Dale Earnhardt Jr.'s absence felt by fans at NASCAR Charlotte race

Cadence Smith was unpacking her campground Thursday morning at Charlotte Motor Speedway when she received a text from her daughter.

"You do know your driver is not racing this weekend, right?" the text said.

Surprised, Smith wrote back asking for more information. She hadn't heard any news regarding Dale Earnhardt Jr. since arriving from suburban Philadelphia and had no idea the driver would be missing the Charlotte race with a concussion.

When her daughter broke the news, Smith was disappointed but immediately felt the driver had done the right thing.

"I'm proud of him," she said. "It's not an easy thing to do, and it can't be easy for him personally. I want him to do what's right for him."

Each of the Earnhardt Jr. fans we spoke to on Saturday afternoon seemed to express a similar sentiment: While disappointed not to see their driver race, they knew it was right for him to sit out and recover from his head injury. And most said they'll still root for the No. 88 team and Regan Smith, although several had secondary drivers they also liked.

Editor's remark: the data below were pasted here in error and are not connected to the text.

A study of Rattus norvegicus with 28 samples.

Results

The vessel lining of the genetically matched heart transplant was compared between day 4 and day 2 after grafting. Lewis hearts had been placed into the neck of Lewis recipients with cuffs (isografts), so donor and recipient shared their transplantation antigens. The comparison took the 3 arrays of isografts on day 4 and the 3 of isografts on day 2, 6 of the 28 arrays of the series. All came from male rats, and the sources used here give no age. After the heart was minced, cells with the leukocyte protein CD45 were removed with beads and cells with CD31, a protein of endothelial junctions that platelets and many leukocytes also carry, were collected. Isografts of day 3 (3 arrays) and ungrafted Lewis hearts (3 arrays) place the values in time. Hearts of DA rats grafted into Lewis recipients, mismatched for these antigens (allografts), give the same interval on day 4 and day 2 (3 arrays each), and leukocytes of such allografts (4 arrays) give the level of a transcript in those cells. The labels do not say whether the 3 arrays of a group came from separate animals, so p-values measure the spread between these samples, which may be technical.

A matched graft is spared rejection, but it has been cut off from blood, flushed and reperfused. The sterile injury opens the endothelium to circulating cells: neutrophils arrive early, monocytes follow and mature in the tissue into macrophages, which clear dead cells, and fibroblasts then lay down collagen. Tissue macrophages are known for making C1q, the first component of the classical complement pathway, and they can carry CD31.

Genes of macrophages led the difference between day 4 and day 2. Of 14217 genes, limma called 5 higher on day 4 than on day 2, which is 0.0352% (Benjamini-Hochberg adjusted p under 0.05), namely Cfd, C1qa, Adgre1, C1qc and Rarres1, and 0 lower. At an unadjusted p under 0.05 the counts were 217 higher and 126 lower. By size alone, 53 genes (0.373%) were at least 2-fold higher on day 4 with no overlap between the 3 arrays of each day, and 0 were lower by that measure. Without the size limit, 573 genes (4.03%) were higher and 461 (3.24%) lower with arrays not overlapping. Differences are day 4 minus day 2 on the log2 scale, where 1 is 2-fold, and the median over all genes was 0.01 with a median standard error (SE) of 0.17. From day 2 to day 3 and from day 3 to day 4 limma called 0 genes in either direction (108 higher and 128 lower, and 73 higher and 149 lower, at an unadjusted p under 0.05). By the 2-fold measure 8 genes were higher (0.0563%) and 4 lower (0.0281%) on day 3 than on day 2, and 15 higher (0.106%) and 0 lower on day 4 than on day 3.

One consensus among the fans: There was never a thought about skipping the race.

Valerie Boyd, an Earnhardt Jr. fan since his Busch Series days, said friends started asking her immediately whether she still planned to drive from Indiana to see the race.

"There wasn't a doubt," she said. "I'll root for the 88 anyway. I love racing. I said, 'I'm still going to go.'"

Some fans felt an great sense of sadness – not for themselves, but for their driver. Cheryl Moseley, who recently moved to North Carolina from Iowa, said she's been an Earnhardt fan "forever" – and felt heartbroken over the driver's concussions.

"It's the same feeling I get when I see him lose a race or have a bad day," she said. "I feel sick for him. I just hope a lot of people don't run away from the sport, because that would make him feel even worse. He doesn't want to be the reason people don't come to the track."

Ann O'Donnell, who drove more than 900 miles from Massachusetts to watch Earnhardt Jr. race, said she was "bummed" but would rather see the driver get totally healthy before returning to competition.

"Two weeks is not enough," she said. "What if he comes back and something else happens again in three weeks? I'd just rather see him take the rest of the year off and get healthy."

In that sense, the uncertain timetable for the driver's return seemed to worry some fans. While Earnhardt Jr. could return in two weeks, there are no guarantees with head injuries – especially when someone has had multiple concussions in a short time.

"My bigger fear is that he'll hang it up early," said Smith, who recently suffered from a life-threatening illness. "I don't want my driver to go through the same thing I went through. It would be tough to see him quit, but he's 38 – he's got the rest of his life ahead of him."